The Justice Catherine Bamugemereire-led commission of inquiry into land matters has ordered the Professional Standards Unit to investigate Bernard Akankwasa, the district police commander of Hoima, for his role in the eviction of 398 households in the western district.
The evictees ended up in refugee camps in the district. Akankwasa was summoned by the commission and appeared on Friday, September 8, after area residents told Justice Bamugemereire that local police officers helped Hoima Sugar Limited to evict about 4,700 people and pave way for a sugar plantation.
"I want you to make a statement about the way you sanctioned the judge's [restraining] orders. Your statement is going to assist us in establishing whether I'm going to investigate this matter further. I'm going to refer you to the PSU because your level of disobedience of court orders is unacceptable," Justice Catherine Bamugemereire, the chairperson of the commission, ordered during the hearing at the National Achives and Records Centre on Yusuf Lule road.
Bamugereire's commission was set up in February 2017 at the urging of President Museveni to investigate, among others, the rampant land grabbing in the country.
Akankwasa is accused of deploying police officers to protect Hoima Sugar Ltd officials and facilitating the eviction of a number of families from what they claimed was their customary land.
The 1,300 acres of land under dispute were leased to the late Herbert Rwakiswaza Kimera, a prince in Bunyoro kingdom, for 49 years. On July 4, 2014, High court judge Justice Simon Byabakama issued a restraining order, directing Kimera not to demolish structures and existing gardens of people on the land.
However, Kimera went ahead and sold the land to Hoima Sugar Ltd and evicted the occupants. Pictures before the commission show police forcefully evicting people in total disregard of the court order.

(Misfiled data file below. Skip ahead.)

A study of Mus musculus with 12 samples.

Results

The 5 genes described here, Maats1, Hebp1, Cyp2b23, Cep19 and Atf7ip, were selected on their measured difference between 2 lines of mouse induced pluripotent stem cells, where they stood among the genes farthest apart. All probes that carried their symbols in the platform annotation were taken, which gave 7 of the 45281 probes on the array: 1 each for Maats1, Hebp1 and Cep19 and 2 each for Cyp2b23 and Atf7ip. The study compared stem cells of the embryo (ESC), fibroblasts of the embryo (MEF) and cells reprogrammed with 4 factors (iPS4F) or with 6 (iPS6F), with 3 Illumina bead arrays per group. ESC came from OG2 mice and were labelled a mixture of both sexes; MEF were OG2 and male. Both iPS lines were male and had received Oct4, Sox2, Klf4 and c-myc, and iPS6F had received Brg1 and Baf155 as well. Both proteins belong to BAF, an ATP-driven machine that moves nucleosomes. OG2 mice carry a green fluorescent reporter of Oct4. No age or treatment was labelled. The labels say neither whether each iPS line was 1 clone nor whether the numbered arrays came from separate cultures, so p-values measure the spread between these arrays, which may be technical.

Akankwasa told the commission that he did not know the origin of the people evicted and currently settled in two IDP camps in Kijayo, Buhanguzi county, his area of jurisdiction.
"Can we agree that police evicted these people from the land [and sent them] to the camps?" the assistant lead counsel, John Bosco Suuza, asked as he cross examined Akankwasa.
"There were some people called by local leaders to get land, I don't know about those ones [in the IDP camps]," Akankwasa responded.
On September 6, 2017, 57-year-old Muhereza Asaba told the commission that he has lived in Hoima since his childhood. [See: Hoima sugar firm forced 398 households to refugee camps, The Observer September, 8].
Other police officers implicated in the land grabbing by area residents include the Mid-Western regional police commander, Charles Sebambulide, and Augustine Kasangaki, who is attached to Hoima district police station.
It's alleged that a two-year-old child died during the eviction process due to excessive use of force by police. Other people were allegedly tortured by police.
"The child could have had pneumonia that could have been compounded by whatever was going on. This is blood on people's hands. It's unacceptable," Bamugemereire fumed.
IDP CAMP STAGEMANAGED
The son of late Kimera, John Bernard Winyi, who is the chief finance officer at Masindi local government, told the commission that the Kijayo IDP camp in Hoima is not real.
"This camp is stagemanaged for the benefit of some few people who want to dupe the investors. These are fraudsters trying to kick up a storm where there is none. If they hear that the commission will be coming, they quickly erect their tents and leave their homesteads. This case should be dismissed," Winyi said.
He said the indigenous people were compensated and that those currently in IDP camps are coming from other areas such as Rwanda, DRC, Kanungu and many others from the western region.
According to Rajasekaran Ramdo, the agricultural officer at Hoima Sugar Ltd, about 146 people were compensated. He said some people received as little as Shs 30,000 in compensation for an acre of land.
Ramdos said the company will go into fresh negotiations with the aggrieved locals currently suffering in the camps.